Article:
The life of Bodhidharma, the founder of Zen Buddhism, has, with the passing of time, been magnified to the scale of myth, turning history into the stuff of legend. Known as the First Patriarch, Bodhidharma brought Zen from South India into China in 500 CE, changing the country forever. In Tracking Bodhidharma, Andrew Ferguson recreates the path of Bodhidharma, traveling through China to the places where the First Patriarch lived and taught. This sacred trail takes Ferguson deep into ancient China, and allows him to explore the origins of Chan [Zen] Buddhism, the cultural aftermath that Bodhidharma left in his wake, and the stories of a man who shaped a civilization.
Tracking Bodhidharma offers a previously unheard perspective on the life of Zen’s most important religious leader, while simultaneously showing how that history is relevant to the rapidly developing super-power that is present-day China. By placing Zen Buddhism within the country’s political landscape, Ferguson presents the religion as a counterpoint to other Buddhist sects, a catalyst for some of the most revolutionary moments in China’s history, and as the ancient spiritual core of a country that is every day becoming more an emblem of the modern era.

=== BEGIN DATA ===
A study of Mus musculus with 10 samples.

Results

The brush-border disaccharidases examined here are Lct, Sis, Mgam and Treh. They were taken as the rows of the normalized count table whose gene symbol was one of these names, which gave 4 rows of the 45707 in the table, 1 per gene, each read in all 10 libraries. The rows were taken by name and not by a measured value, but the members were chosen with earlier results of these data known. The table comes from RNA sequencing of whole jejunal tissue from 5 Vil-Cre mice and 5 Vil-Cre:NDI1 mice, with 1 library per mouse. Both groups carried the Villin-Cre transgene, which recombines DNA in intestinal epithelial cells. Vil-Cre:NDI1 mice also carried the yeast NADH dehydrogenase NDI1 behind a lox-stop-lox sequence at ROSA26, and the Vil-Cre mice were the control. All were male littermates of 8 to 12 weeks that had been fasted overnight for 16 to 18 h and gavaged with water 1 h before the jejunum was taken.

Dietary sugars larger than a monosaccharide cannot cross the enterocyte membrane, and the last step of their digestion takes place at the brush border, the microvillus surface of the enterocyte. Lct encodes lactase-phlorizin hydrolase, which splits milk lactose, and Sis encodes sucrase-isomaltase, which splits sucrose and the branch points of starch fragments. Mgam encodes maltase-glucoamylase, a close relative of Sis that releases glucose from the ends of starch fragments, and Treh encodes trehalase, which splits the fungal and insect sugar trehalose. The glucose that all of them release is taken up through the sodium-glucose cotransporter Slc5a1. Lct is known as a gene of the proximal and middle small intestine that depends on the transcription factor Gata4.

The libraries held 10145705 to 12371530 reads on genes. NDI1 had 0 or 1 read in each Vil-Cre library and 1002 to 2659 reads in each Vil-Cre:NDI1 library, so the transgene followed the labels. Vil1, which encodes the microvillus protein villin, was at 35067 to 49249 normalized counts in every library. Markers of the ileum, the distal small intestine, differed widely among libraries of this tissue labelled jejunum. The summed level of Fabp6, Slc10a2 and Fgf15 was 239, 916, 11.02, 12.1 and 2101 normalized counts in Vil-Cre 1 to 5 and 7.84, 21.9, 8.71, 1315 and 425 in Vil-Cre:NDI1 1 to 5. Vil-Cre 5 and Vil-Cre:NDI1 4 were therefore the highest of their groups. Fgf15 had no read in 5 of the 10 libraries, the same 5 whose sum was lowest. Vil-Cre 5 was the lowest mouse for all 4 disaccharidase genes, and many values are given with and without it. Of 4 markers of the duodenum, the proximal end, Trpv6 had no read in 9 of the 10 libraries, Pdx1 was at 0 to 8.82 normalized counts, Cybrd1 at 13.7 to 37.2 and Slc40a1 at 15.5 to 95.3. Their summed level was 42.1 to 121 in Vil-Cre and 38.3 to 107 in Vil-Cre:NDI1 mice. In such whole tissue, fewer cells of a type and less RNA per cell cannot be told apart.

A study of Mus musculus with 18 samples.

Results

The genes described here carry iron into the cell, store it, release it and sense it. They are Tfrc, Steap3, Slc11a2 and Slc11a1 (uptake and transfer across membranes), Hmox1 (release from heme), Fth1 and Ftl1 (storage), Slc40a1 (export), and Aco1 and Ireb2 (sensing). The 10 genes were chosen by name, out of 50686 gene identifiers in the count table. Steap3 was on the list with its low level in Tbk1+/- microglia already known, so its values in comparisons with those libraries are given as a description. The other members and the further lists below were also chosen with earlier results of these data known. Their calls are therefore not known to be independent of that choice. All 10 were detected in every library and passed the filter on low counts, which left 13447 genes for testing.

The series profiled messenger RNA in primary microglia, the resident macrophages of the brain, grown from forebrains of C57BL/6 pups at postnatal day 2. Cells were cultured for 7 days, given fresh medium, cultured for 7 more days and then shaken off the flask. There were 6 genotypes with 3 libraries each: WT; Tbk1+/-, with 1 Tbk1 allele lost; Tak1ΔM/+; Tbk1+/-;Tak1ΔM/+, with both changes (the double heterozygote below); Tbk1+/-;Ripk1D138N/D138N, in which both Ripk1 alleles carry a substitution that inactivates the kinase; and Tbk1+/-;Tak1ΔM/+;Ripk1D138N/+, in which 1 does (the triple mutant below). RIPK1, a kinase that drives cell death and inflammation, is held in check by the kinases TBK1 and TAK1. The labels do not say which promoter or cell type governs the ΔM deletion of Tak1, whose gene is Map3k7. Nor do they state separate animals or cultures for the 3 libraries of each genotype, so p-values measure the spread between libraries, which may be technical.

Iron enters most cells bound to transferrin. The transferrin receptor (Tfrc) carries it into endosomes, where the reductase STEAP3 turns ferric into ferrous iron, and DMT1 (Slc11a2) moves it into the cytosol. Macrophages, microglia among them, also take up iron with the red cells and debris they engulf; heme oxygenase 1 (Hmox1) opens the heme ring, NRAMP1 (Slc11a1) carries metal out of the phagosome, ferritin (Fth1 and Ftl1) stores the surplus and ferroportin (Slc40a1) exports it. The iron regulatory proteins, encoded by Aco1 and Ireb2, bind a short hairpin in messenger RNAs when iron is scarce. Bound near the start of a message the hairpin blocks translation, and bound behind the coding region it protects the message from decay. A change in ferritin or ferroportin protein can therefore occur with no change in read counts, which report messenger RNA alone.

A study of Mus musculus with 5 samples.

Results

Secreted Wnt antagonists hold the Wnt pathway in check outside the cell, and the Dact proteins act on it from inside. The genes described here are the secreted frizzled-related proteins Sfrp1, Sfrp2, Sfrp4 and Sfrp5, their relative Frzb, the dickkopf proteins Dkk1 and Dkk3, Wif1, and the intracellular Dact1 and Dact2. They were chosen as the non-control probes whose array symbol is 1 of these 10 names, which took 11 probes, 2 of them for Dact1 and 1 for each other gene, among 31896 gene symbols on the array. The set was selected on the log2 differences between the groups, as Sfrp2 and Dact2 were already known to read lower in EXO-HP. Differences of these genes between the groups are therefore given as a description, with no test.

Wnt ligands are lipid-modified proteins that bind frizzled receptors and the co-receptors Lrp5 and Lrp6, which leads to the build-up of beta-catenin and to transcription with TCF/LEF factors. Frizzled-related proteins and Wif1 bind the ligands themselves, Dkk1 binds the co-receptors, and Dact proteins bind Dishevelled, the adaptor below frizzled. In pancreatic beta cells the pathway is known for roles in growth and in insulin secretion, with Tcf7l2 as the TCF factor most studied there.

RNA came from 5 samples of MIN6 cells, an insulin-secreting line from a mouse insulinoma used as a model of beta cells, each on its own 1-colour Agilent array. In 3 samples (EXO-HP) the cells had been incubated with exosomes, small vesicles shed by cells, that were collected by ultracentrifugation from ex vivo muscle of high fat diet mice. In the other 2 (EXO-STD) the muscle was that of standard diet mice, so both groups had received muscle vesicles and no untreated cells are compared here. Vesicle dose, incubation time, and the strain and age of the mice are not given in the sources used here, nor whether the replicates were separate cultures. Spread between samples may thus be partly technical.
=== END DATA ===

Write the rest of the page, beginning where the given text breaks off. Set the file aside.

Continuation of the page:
©2012 Andy Ferguson (P)2012 Audible, Inc.
There is a great deal to think about in the book - too much to absorb first time around.
Not sure - I haven't come across a book quite like this before.
Sensitively read - with excellent Chinese pronunciation, which counts for a lot given the serious subject matter and poems etc that are included.
Not practical really, or appropriate - but compelling anyway.
A very thoughtful and well written book, excellently read. The author can tackle serious themes, but also has a light touch when needed. The book not only told me a lot I didn't know about Zen (I knew next to nothing), but also a great deal about China - its culture, people, geography and history. You don't have to be a Buddhist or would-be Buddhist to enjoy and get a lot out of it.